For table schema I was thinking of the following

CREATE TABLE url_scans (
    url VARCHAR(2048) PRIMARY KEY,
    scrape_status ENUM('in_progress', 'failed', 'completed') NOT NULL DEFAULT 'in_progress',
    insert_timestamp TIMESTAMP WITH TIME ZONE DEFAULT CURRENT_TIMESTAMP,
    scrape_result JSONB
);

When a scan request comes in, pods will first search the database to see if the result has been cached (row is marked 'completed'). If no result is cached, pods could do an insert on this table:

  • On insert success, this pod would be designated the "scraper", and would perform the scraping operation, and update the row in the table accordingly.
  • On insert failure, the pods are now in a "waiting" state (this is the same case for when a selects from the database and the row is in the 'in_progress' state).

In the database I am planning on defining a function as follows:

CREATE OR REPLACE FUNCTION notify_scrape_status_change()
RETURNS TRIGGER AS $$
BEGIN
  IF NEW.scrape_status != OLD.scrape_status THEN
    EXECUTE 'NOTIFY ' || NEW.url || ', ''Scrape status changed to ' || NEW.scrape_status || ''';';
  END IF;
  RETURN NEW;
END;
$$ LANGUAGE plpgsql;

With a corresponding trigger against the scrape:

CREATE TRIGGER scrape_status_change_trigger
AFTER UPDATE OF scrape_status ON url_scans
FOR EACH ROW EXECUTE FUNCTION notify_scrape_status_change();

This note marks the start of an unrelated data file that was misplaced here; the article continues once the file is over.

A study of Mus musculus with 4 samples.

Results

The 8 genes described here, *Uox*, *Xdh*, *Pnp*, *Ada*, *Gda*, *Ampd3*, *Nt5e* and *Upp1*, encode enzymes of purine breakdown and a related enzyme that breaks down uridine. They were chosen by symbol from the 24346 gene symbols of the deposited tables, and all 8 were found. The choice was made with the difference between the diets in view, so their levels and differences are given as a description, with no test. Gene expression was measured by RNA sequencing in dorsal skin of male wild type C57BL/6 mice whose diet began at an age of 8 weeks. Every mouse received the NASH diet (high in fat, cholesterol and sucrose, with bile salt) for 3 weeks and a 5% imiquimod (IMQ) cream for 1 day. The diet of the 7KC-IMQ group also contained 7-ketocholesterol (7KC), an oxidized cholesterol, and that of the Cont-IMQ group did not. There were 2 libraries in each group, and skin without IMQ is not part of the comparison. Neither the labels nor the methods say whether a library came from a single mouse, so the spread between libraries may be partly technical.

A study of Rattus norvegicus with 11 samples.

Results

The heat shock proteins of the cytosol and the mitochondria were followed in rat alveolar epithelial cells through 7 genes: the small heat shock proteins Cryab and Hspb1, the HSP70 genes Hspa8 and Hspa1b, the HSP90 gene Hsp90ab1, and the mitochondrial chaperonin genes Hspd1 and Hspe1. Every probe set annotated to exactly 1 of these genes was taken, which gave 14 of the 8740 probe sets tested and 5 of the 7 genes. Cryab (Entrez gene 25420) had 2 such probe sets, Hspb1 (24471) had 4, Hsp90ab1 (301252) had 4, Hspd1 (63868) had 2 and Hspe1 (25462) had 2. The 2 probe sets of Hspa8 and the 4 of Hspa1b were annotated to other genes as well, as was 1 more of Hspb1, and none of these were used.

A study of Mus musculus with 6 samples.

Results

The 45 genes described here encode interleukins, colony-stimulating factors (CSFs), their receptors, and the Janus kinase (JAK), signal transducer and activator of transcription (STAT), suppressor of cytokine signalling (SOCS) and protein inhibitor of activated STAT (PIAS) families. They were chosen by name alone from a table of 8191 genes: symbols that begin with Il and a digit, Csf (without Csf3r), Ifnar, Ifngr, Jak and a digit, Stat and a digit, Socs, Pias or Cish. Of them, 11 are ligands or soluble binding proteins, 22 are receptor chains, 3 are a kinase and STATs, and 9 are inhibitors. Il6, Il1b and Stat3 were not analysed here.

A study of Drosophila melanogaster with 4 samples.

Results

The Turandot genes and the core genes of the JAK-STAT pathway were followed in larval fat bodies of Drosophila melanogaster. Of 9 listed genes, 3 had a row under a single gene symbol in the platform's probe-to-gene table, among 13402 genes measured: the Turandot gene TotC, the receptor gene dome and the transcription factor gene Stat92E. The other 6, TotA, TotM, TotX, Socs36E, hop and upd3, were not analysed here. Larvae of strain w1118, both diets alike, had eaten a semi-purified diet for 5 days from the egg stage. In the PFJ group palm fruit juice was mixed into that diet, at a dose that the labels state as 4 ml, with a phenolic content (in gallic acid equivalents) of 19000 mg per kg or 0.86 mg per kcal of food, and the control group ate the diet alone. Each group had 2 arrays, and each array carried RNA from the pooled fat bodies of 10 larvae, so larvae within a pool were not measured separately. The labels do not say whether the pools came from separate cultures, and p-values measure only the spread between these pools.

Now the listener pods will listen on a channel named after the URL for when the URL is complete.

However, I have two concerns which I cannot resolve.

  • if a pod is killed in the middle of a scrape... what then? How do I pick the next "scraper"
  • If a pod selects from the database and finds the URL it is looking for in the in_progress state, it will proceed to listen on the channel for a transition to completion. But what happens if the URL transitions to complete between those two operations?
  • With all these uniquely named NOTIFY channels, should I be concerned about memory usage? Does postgres automatically clear them out at some point?

1 Answer 1

  • If a pod selects from the database and finds the URL it is looking for in the in_progress state, it will proceed to listen on the channel for a transition to completion. But what happens if the URL transitions to complete between those two operations?

Both of these can be handled with a timeout and retry mechanism.

  1. Have a cleanup process that searches the database for cache entries that were added more than X time ago and are in the status "in_progress". Remove those entries from the database.
  2. Have each pod that is waiting for a notification poll the database every Y time if the cache entry has become available (something went wrong with the notifications) or was deleted (the previous worker pod timed out and this one can become the new worker).

You can play around with the times X and Y to tune the behavior. Time X should be long enough that even a worst-case successful scraping attempt is finished within time X. Time Y should be long enough that the polling doesn't put a real load on the system and that most requests are handled through the NOTIFY channels before a pod starts polling.

  • With all these uniquely named NOTIFY channels, should I be concerned about memory usage? Does postgres automatically clear them out at some point?

I am not familiar enough with postgres to tell how it deals with NOTIFY channels that nobody listens to. But other than that, I see no trigger for the database engine to cleanup NOTIFY channels and I would assume that you have to do that manually.